WebIDL Type Conversions on JavaScript Values

This package implements, in JavaScript, the algorithms to convert a given JavaScript value according to a given WebIDL type.

The goal is that you should be able to write code like

const conversions = require("webidl-conversions");

function doStuff(x, y) {
    x = conversions["boolean"](x);
    y = conversions["unsigned long"](y);
    // actual algorithm code here

and your function doStuff will behave the same as a WebIDL operation declared as

void doStuff(boolean x, unsigned long y);


This package’s main module’s default export is an object with a variety of methods, each corresponding to a different WebIDL type. Each method, when invoked on a JavaScript value, will give back the new JavaScript value that results after passing through the WebIDL conversion rules. (See below for more details on what that means.) Alternately, the method could throw an error, if the WebIDL algorithm is specified to do so: for example conversions["float"](NaN) will throw a TypeError.


All of the numeric types are implemented (float being implemented as double) and some others are as well - check the source for all of them. This list will grow over time in service of the HTML as Custom Elements project, but in the meantime, pull requests welcome!

I’m not sure yet what the strategy will be for modifiers, e.g. [Clamp]. Maybe something like conversions["unsigned long"](x, { clamp: true })? We’ll see.

We might also want to extend the API to give better error messages, e.g. “Argument 1 of HTMLMediaElement.fastSeek is not a finite floating-point value” instead of “Argument is not a finite floating-point value.” This would require passing in more information to the conversion functions than we currently do.


What’s actually going on here, conceptually, is pretty weird. Let’s try to explain.

WebIDL, as part of its madness-inducing design, has its own type system. When people write algorithms in web platform specs, they usually operate on WebIDL values, i.e. instances of WebIDL types. For example, if they were specifying the algorithm for our doStuff operation above, they would treat x as a WebIDL value of WebIDL type boolean. Crucially, they would not treat x as a JavaScript variable whose value is either the JavaScript true or false. They’re instead working in a different type system altogether, with its own rules.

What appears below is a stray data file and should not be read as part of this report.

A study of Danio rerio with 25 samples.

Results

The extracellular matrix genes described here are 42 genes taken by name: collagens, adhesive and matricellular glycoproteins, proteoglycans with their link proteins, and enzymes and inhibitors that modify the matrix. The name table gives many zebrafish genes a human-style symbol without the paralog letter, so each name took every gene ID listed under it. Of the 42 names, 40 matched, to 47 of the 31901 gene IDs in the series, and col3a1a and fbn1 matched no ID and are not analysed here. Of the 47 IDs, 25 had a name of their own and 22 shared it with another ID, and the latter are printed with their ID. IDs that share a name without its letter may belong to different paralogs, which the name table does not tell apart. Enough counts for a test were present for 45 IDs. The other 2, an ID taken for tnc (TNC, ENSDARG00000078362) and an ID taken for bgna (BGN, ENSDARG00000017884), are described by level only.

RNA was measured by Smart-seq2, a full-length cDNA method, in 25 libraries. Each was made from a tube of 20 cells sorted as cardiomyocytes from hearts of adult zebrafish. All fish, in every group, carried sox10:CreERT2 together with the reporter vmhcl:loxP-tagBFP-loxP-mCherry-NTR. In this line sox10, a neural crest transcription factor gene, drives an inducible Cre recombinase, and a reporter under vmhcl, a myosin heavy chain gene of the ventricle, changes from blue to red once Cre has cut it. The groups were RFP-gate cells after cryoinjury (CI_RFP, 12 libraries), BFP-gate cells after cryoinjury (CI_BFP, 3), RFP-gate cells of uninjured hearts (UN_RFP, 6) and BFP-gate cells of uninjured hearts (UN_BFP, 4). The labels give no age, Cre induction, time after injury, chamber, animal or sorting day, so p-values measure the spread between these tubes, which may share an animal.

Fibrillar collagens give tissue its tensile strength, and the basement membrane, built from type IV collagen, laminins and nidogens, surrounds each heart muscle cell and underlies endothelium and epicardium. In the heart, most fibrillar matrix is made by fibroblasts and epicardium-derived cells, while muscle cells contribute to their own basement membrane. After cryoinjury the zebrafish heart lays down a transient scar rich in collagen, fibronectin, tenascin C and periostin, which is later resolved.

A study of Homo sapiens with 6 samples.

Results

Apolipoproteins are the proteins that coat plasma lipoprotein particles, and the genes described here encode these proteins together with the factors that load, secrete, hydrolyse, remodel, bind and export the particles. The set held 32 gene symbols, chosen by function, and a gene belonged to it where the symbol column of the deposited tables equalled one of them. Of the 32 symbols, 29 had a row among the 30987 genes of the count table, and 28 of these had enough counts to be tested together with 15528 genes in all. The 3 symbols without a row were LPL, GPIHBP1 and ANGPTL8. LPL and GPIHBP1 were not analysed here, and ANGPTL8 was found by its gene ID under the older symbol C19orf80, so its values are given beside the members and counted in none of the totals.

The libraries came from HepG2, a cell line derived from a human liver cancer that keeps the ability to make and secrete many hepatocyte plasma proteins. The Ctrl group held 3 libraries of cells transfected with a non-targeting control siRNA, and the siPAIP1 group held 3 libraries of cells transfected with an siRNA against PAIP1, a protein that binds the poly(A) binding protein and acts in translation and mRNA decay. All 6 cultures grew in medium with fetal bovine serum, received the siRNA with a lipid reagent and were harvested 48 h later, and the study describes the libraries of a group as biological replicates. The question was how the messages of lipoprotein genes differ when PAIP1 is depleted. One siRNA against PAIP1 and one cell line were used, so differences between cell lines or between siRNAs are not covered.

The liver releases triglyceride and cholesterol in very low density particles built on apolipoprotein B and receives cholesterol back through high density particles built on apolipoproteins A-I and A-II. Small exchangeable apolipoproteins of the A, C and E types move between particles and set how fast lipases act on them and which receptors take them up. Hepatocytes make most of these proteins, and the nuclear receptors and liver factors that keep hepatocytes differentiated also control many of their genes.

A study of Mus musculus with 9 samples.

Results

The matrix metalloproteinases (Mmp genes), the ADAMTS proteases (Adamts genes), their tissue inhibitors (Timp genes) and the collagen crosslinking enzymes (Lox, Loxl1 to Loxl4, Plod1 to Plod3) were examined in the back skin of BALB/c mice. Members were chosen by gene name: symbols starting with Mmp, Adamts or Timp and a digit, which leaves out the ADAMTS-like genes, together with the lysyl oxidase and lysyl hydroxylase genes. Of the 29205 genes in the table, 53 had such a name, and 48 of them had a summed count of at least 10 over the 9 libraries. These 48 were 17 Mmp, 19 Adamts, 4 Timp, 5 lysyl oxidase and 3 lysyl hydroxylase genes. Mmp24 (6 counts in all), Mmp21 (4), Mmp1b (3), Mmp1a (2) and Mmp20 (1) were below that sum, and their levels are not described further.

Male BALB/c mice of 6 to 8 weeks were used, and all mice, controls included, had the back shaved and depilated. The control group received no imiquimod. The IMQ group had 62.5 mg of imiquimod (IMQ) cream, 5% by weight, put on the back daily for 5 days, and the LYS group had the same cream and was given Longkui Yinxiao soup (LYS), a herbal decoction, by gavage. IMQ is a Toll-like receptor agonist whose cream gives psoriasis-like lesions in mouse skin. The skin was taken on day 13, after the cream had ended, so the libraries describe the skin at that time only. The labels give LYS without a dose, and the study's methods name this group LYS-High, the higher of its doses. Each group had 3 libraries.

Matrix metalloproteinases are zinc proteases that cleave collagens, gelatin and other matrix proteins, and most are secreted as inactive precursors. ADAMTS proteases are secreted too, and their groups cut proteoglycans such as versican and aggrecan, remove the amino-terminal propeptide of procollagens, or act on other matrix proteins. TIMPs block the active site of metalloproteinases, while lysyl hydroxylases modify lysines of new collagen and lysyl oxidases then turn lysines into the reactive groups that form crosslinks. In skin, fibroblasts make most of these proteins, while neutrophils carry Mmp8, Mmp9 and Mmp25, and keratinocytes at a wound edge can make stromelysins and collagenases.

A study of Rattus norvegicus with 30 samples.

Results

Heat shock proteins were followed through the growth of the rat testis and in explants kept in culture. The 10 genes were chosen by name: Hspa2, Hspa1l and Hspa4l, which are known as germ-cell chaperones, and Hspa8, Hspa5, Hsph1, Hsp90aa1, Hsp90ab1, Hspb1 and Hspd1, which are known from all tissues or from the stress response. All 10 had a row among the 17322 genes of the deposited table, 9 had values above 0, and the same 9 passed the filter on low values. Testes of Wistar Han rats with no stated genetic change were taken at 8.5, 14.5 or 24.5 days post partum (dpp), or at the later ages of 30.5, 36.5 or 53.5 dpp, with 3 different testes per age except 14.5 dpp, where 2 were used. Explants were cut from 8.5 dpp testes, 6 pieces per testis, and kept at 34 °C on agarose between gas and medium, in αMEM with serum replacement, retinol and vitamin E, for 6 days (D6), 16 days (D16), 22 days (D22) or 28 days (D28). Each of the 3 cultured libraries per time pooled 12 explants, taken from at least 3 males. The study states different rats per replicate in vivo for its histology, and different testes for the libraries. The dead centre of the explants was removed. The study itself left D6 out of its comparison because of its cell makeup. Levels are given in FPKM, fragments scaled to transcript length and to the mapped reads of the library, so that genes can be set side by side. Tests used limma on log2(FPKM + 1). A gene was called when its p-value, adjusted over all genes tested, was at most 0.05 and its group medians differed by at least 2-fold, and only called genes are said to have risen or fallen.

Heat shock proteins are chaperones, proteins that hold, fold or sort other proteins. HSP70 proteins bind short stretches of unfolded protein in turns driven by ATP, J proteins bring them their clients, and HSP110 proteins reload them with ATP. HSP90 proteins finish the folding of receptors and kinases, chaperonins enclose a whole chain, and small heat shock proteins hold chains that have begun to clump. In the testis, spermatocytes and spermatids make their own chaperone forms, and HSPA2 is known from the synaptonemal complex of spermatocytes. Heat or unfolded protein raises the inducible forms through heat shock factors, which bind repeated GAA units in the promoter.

Separately from its type system, WebIDL defines a “binding” of the type system into JavaScript. This contains rules like: when you pass a JavaScript value to the JavaScript method that manifests a given WebIDL operation, how does that get converted into a WebIDL value? For example, a JavaScript true passed in the position of a WebIDL boolean argument becomes a WebIDL true. But, a JavaScript true passed in the position of a WebIDL unsigned long becomes a WebIDL 1. And so on.

Finally, we have the actual implementation code. This is usually C++, although these days some smart people are using Rust. The implementation, of course, has its own type system. So when they implement the WebIDL algorithms, they don’t actually use WebIDL values, since those aren’t “real” outside of specs. Instead, implementations apply the WebIDL binding rules in such a way as to convert incoming JavaScript values into C++ values. For example, if code in the browser called doStuff(true, true), then the implementation code would eventually receive a C++ bool containing true and a C++ uint32_t containing 1.

The upside of all this is that implementations can abstract all the conversion logic away, letting WebIDL handle it, and focus on implementing the relevant methods in C++ with values of the correct type already provided. That is payoff of WebIDL, in a nutshell.

And getting to that payoff is the goal of this project—but for JavaScript implementations, instead of C++ ones. That is, this library is designed to make it easier for JavaScript developers to write functions that behave like a given WebIDL operation. So conceptually, the conversion pipeline, which in its general form is JavaScript values ↦ WebIDL values ↦ implementation-language values, in this case becomes JavaScript values ↦ WebIDL values ↦ JavaScript values. And that intermediate step is where all the logic is performed: a JavaScript true becomes a WebIDL 1 in an unsigned long context, which then becomes a JavaScript 1.

Don’t Use This

Seriously, why would you ever use this? You really shouldn’t. WebIDL is … not great, and you shouldn’t be emulating its semantics. If you’re looking for a generic argument-processing library, you should find one with better rules than those from WebIDL. In general, your JavaScript should not be trying to become more like WebIDL; if anything, we should fix WebIDL to make it more like JavaScript.

The only people who should use this are those trying to create faithful implementations (or polyfills) of web platform interfaces defined in WebIDL.